Fujitsu Laboratories Ltd. and Heinrich Hertz Institut (HHI) announced the development of an ultra high-speed optical switch that uses nonlinear optical fiber to reduce optical amplitude noise, which degrades the quality of optical signals when they are transmitted. Employing this technology, suppression of optical amplitude noise using a 107 gigabit per second (Gbps) phase modulated ultra high-speed signal was successfully verified. In addition, in a data transmission test across 320 km, it was verified that data quality after transmission could be received with roughly the equivalent of its quality prior to transmission.
The new technology developed by Fujitsu and HHI employs an ultra high-speed optical switch they developed that is capable of processing optical signals in less than a picosecond. By controlling the power gain of the optical parametric amplification effect from the optical signals, raising it when signals are weak and lowering it when signals are strong, the switch reduces optical noise without the need to convert optical signals into electrical signals.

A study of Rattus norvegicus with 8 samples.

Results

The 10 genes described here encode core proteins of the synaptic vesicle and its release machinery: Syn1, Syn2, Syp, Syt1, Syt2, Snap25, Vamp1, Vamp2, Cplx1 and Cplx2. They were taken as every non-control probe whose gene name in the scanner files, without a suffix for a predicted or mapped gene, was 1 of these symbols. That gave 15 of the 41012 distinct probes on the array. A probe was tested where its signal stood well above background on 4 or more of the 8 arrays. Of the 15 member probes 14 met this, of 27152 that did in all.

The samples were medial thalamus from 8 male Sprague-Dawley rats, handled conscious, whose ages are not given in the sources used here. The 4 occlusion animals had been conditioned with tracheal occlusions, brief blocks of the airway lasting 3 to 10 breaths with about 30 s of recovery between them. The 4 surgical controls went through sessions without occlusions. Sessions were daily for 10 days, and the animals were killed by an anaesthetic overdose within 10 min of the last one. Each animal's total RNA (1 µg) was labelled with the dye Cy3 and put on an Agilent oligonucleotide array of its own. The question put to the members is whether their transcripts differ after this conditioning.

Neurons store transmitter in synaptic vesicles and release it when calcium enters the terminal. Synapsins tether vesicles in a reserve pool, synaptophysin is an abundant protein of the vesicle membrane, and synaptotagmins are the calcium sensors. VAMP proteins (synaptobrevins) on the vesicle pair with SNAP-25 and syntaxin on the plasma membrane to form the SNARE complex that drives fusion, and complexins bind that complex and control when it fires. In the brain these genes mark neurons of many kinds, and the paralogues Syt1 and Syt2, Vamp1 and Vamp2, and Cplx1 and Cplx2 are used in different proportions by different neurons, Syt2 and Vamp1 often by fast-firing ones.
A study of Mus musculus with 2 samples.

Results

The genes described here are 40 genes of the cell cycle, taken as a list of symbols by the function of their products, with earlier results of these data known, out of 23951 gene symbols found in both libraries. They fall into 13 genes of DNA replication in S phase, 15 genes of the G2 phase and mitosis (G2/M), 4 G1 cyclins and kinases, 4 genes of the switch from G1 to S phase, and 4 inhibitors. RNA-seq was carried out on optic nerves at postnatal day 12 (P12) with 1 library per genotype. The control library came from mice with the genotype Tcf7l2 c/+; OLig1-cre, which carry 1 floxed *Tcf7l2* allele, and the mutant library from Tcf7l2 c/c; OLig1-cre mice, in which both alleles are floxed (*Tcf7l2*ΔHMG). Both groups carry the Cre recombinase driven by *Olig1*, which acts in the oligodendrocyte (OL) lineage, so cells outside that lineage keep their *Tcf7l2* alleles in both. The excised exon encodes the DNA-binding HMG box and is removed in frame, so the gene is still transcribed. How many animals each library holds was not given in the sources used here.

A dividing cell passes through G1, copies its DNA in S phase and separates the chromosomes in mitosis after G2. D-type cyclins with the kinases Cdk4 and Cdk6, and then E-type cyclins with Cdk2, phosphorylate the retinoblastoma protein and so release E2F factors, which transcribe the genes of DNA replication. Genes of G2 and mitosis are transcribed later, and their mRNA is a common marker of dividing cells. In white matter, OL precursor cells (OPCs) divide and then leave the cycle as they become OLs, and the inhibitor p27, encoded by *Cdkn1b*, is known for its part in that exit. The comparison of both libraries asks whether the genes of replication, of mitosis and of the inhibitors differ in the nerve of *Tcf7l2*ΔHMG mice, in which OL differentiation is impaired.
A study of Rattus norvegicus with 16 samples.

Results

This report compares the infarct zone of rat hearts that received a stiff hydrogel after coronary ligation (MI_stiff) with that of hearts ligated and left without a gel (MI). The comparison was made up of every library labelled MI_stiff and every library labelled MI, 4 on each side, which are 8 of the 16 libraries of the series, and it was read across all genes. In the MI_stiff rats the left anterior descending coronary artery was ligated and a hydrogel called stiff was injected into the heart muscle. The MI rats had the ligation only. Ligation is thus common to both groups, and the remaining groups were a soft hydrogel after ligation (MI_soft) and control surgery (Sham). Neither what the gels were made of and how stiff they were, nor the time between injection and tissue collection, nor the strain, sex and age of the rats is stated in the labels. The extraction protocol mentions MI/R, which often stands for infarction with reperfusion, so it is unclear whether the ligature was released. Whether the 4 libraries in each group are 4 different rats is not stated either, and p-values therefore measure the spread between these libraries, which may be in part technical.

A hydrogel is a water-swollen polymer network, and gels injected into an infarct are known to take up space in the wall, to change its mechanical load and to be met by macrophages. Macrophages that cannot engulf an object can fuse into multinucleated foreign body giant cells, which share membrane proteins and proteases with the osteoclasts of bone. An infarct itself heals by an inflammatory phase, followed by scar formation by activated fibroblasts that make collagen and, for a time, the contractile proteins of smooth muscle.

By placing an ultra high-speed optical switch employing this technology in the middle of an optical transmission link, even after data was transmitted across 320 kilometers with a 107Gbps optical signal modulated by differential phase shift keying(DPSK) data, the transmitted data essentially reproduced without change the characteristics of the data prior to transmission, thereby verifying high-quality optical transmission through this test. Compared to results when the switch is not employed, it was also verified that using the switch makes it possible to roughly double the length of transmission distances.
In addition, by optimizing the design of the nonlinear optical fiber, it is possible to cover much wider wavelength ranges than are currently used in optical transmissions, and handle optical signals in a variety of modulation formats. It is anticipated that this new technology can be applied to optical regeneration, which is a key technology for next-generation ultra high-speed photonic networks.